With the mammoth 1,600-mile Rockies Express Pipeline (REX) making its way eastward, liquefied natural gas (LNG) terminals scheduled to come on line in the Gulf Coast region over the next two to three years and increasing amounts of gas flowing from Texas basins, there will be a number of significant changes to the market, many of which aren’t yet appreciated, said Bentek Energy LLC CEO Porter Bennett.

The REX pipeline alone “will cause a dramatic realignment of flow patterns and dramatically alter the basis relationships throughout the U.S.,” Bennett said during FERC’s “State of the Natural Gas” conference last Tuesday. The gas market “does not fully appreciate the magnitude of the changes that lie ahead.”

The New York Mercantile Exchange (Nymex) forward curves “are not adequately depicting the changes that will occur,” he told the FERC Commissioners and staff during the day-long conference.

Kevin Petak, vice president of ICF International, agreed that the gas market is at a “crossroads,” with a lot of fundamental changes taking place and more anticipated.

The change in the market dynamics will have “several implications,” Bennett said. It will create winners and losers, with the winners being the new pipelines — such as REX and proposed Gulf Coast pipelines that will serve Southeast markets — and the losers being the incumbent pipelines with high fuel costs and lost and unaccounted-for charges, he noted.

Expansion isn’t an option for these incumbent pipelines, Bennett said. “Some of these [pipelines] are fairly old,” and can’t add compression, he noted. Their “options are not very great.”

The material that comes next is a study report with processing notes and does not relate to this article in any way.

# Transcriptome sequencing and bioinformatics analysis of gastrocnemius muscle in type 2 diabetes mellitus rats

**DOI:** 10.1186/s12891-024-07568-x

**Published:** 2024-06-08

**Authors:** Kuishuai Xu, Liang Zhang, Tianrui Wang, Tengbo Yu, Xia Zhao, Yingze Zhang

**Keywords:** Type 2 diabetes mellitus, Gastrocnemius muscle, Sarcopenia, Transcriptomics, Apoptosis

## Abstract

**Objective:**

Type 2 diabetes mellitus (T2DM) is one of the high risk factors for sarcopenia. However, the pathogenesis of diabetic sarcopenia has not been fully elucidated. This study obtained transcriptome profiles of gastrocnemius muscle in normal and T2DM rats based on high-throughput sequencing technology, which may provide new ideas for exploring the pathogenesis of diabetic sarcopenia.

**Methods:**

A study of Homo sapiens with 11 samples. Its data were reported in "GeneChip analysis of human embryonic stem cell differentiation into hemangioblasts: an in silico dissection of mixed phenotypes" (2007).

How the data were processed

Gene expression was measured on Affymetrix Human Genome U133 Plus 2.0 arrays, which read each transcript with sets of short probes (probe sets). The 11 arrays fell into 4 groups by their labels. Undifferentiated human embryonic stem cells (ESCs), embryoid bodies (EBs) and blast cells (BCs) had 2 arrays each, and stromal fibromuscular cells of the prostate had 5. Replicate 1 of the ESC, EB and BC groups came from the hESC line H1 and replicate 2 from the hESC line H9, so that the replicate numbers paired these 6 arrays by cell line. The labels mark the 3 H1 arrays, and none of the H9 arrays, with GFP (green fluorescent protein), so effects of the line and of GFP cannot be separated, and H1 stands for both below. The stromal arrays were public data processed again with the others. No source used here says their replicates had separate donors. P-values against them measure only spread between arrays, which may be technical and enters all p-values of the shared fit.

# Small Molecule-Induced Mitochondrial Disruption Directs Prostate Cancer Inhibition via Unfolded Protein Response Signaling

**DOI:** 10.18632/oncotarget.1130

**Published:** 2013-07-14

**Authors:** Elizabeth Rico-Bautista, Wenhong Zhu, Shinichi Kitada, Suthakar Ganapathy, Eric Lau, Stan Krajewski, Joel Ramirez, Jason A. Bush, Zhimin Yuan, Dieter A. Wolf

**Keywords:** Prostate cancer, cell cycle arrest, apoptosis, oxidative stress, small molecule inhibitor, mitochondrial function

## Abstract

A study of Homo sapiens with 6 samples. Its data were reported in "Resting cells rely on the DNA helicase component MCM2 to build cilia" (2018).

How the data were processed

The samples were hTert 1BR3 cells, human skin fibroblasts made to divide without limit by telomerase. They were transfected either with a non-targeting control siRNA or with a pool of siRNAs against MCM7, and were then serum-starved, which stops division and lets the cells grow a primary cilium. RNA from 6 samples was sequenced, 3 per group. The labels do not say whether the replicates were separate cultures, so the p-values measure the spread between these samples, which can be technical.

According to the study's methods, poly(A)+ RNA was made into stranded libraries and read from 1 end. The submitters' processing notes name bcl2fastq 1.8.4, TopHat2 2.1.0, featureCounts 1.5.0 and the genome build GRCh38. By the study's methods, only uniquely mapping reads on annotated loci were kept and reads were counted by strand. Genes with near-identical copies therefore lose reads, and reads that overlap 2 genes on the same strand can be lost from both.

Moreover, Bennett said the physical gas market will increasingly drive changes in the financial markets, not the other way around. Both Bennett and Petak believe the two markets have converged, which could signal a need for the Federal Energy Regulatory Commission to expand its oversight beyond the physical gas market..

Bennett said the current assumption is that production appears to be booming relative to demand. This, when combined with the market dynamics ahead, suggests that prices could fall even further, he noted.

It “appears [we] could be headed for a period of $90-plus oil combined with sub-$5 gas.” Bennett believes the pressure on gas prices will be “most acute” over the next few years. If the prices fall low enough, capital will flee the sector and exploration activities will stall, he said. This could be followed two or three years later by a period of soaring gas prices.

ICF’s Petak expects the natural gas supply-demand to remain tight, prices to stay in the $6 range and market volatility to continue for the forseeable future.

As a result of pipeline capacity constraints east of Ohio, Bennett said he sees only 600 MMcf/d of the 1.8 Bcf/d of gas supplied by REX being absorbed by the Northeast gas market, with the remainder (1.2 Bcf/d) being pushed back to the Gulf Coast region. This pushed-back REX gas, combined Gulf LNG imports, 1 Bcf/d of production from the Independence Hub and gas from Texas, will depress prices significantly in the region, he noted.

“I think you’re going to see a buildup in the Gulf,” Bennett said. He estimated that the region could be flooded with as much as 7.5 Bcf/d of supply (mostly from LNG). LNG could be a “fairly disruptive influence down there.” While there are major pipeline expansions occurring in the Gulf to handle additional supplies, they will mainly move gas around the region and to Southeast markets, he noted.

From a supply standpoint, Petak said he believes LNG and other frontier sources of supply, such as shale gas, Rockies gas and Alaska/Mackenzie gas, “are saving us,” although he conceded that he was concerned that the U.S. was growing dependent on a gas source that is in high demand by other countries, such as Japan, China and India.

As far as demand, “carbon policy is the big wild card hanging out there for the United States,” Petak said. If Congress enacts a stringent policy, he believes gas consumption could rise significantly. However, a milder carbon policy, such as the one proposed by Sen. Jeff Bingaman (D-NM), would require far less gas, Petak said.

By 2010, Bennett said he expects capacity on the REX pipeline to be full, prompting the need for another long-haul pipeline out of the Rockies. He estimates the line would have to be sized at 1 Bcf/d.